When I wrote a guest article about language hacking on the Mezzofanti Guild a while back, I took some time to think what I consider to be the essential elements of language hacking, what makes it different from just language studying. I ended up with a list of things, some of which I talked about in that article. Other things I haven’t talked about so much, something I intend to change with a few articles, this being the first one.
The first thing I want to look at is the notion of actually doing things as opposed to just reading about them and, depending on what you read, either shake your head in disagreement or nod your head in approval. As you might guess, I spend a significant time reading about learning Chinese, both in books and journal articles, but also on blogs and forums. I consider this influx of ideas to be essential, I could not possible write everything I’ve written on this website without the inspiration and help I’ve received from others.
Reading about something isn’t enough
Even though it’s important to open doors, simply learning of a method isn’t enough. Sure, it will give you a certain amount of knowledge, but it will be the knowledge of the armchair general, who knows everything about warfare but has never held a sword in his hands. This is good if you want to write books about war, but it’s not good if you want to actually fight a war. The same is true for language learning. In order to master language learning as a skill, you need to try many different things, because it’s unlikely that the first method you stumble upon is the best one for you.
Please take a moment and consider the following question:
How many of the good ideas you’ve read about recently have you neglected to try?
I can list quite a few and I’m sure that most of you can as well.
Why is this? I think it’s mostly a question about complacency and rigidity (see this article about the convenience trap and how to escape it). We have our ways of studying and we tend to stick to what we know, not necessarily because we think it’s superior to other methods, but simply because it’s more convenient. We might even know that there are better methods, but we still stick to what we know simply because challenging our habits requires effort.
Some ideas operate on a scale which makes them hard to test and in these cases, simply reading might be the only way of evaluation we have. For instance, I like the idea of sentence mining and using entire sentences for spaced repetition, but it’s simply not possible for me personally to evaluate this method. I have already learnt Chinese to a certain level and I can’t large-scale methods again for the same language. Sure, I could use a new method when learning a different language, but the results are not necessarily applicable to Chinese.
Still, there listening to what other successful learners have to say is valuable in these cases. Also remember that there are polyglots who focus on learning many languages and even though it might not be the case that you can apply everything to one specific language, it still makes sense to read and learn.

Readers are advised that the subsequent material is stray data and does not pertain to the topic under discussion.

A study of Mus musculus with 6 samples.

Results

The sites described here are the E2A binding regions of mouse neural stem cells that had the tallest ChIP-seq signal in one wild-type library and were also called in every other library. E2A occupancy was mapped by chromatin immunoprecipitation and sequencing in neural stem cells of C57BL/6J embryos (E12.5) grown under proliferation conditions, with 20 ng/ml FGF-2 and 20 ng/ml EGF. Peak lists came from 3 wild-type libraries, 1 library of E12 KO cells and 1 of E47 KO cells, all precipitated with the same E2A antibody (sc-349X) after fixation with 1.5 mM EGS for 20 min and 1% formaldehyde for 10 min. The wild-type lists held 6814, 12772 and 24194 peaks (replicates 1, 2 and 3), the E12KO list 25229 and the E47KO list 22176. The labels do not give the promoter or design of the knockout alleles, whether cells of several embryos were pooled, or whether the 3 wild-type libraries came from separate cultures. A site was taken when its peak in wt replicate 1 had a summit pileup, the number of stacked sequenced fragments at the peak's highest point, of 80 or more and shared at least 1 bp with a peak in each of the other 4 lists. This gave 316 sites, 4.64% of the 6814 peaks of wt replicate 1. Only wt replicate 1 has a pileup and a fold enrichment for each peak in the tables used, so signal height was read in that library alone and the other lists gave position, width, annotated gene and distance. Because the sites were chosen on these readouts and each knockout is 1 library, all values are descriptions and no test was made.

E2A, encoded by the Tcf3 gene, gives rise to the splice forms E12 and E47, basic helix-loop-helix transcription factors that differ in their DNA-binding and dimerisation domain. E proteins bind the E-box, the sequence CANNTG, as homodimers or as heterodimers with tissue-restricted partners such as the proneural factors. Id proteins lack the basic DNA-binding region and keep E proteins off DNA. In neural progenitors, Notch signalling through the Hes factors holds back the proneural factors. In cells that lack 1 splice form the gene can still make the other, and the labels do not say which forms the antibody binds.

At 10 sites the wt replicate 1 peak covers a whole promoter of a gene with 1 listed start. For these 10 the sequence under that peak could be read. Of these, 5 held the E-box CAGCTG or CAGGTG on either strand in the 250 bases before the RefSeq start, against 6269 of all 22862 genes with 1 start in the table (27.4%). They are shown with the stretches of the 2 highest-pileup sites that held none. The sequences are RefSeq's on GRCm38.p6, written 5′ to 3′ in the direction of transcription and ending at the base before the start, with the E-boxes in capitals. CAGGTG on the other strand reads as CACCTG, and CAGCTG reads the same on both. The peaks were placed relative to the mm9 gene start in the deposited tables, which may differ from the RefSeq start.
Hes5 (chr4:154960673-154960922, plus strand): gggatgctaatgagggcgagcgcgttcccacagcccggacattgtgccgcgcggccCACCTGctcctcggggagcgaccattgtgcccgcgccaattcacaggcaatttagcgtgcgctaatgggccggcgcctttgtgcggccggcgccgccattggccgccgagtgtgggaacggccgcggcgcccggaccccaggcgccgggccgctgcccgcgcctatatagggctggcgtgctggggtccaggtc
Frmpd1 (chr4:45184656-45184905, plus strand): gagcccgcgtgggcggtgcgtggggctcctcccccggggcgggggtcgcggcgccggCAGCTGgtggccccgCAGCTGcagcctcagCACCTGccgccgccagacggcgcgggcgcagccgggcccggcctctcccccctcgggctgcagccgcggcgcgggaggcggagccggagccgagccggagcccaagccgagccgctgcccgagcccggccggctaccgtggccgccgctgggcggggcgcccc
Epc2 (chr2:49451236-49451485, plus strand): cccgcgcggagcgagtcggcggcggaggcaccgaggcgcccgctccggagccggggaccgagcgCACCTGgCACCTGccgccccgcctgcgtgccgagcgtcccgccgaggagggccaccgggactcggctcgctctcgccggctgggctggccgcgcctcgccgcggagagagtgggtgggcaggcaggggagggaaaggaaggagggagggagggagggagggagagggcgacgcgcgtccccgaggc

It’s sometimes possible to reduce the scale somewhat. For instance, if you want to try sentence mining, you can do so for a specific area. You don’t need to delete all your other flashcards and start again just because you want to try a new method. Try it out next time you read a book or start mining sentences from a specific TV program. Only then will you know what it’s like.
Most other methods are much easier to test and there is simply no other explanation for not trying than complacency and laziness. If you really think an idea about improving speaking ability (such as playing a tone guessing game to improve tones or other word games to practise fluency), write it down somewhere and try that next time you have an opportunity. If it works well, incorporate it into your study routine, if not, then revise the idea or abandon it entirely.
Good and bad advice
This doesn’t mean that you should try everything you read about. Khatz over at AJATT has said quite a few interesting things about language learning, but the following quote has always struck me as particularly insightful and is also relevant for what we’re talking about in this article:
Don’t be too smart to use good advice. Don’t be too humble to ignore bad advice. Don’t be too dumb to see the difference.
Most ideas are worth reading about, at least if they are new or unique in some way or has worked for other people. That, however, doesn’t mean that we should try everything we read about, that would be way too time consuming and would be utterly confusing. No, instead, we should try to determine if the advice someone gives us is good advice and then heed that. If we hear something we have no reason to believe works, we should ignore it and move on.
Having a clear idea about what our goals are is essential when doing this, because no method can be evaluated as effective or not if we don’t know what it’s supposed to achieve.
All things said and done, I think the people who try too many different methods are in a minuscule minority. In other words, the problem isn’t that we’re too smart or even too humble, the problem is that we are lazy and complacent (myself included, of course). Most of us need to widen our horizons and not only read about awesome ways of learning Chinese, but also implement them as well.
Call to action
Promise yourself this: Next time you encounter a tip, trick, hack or strategy related to learning Chinese which sounds promising, try it. If you encounter many interesting methods, keep a list of them and try them out when you feel adventurous.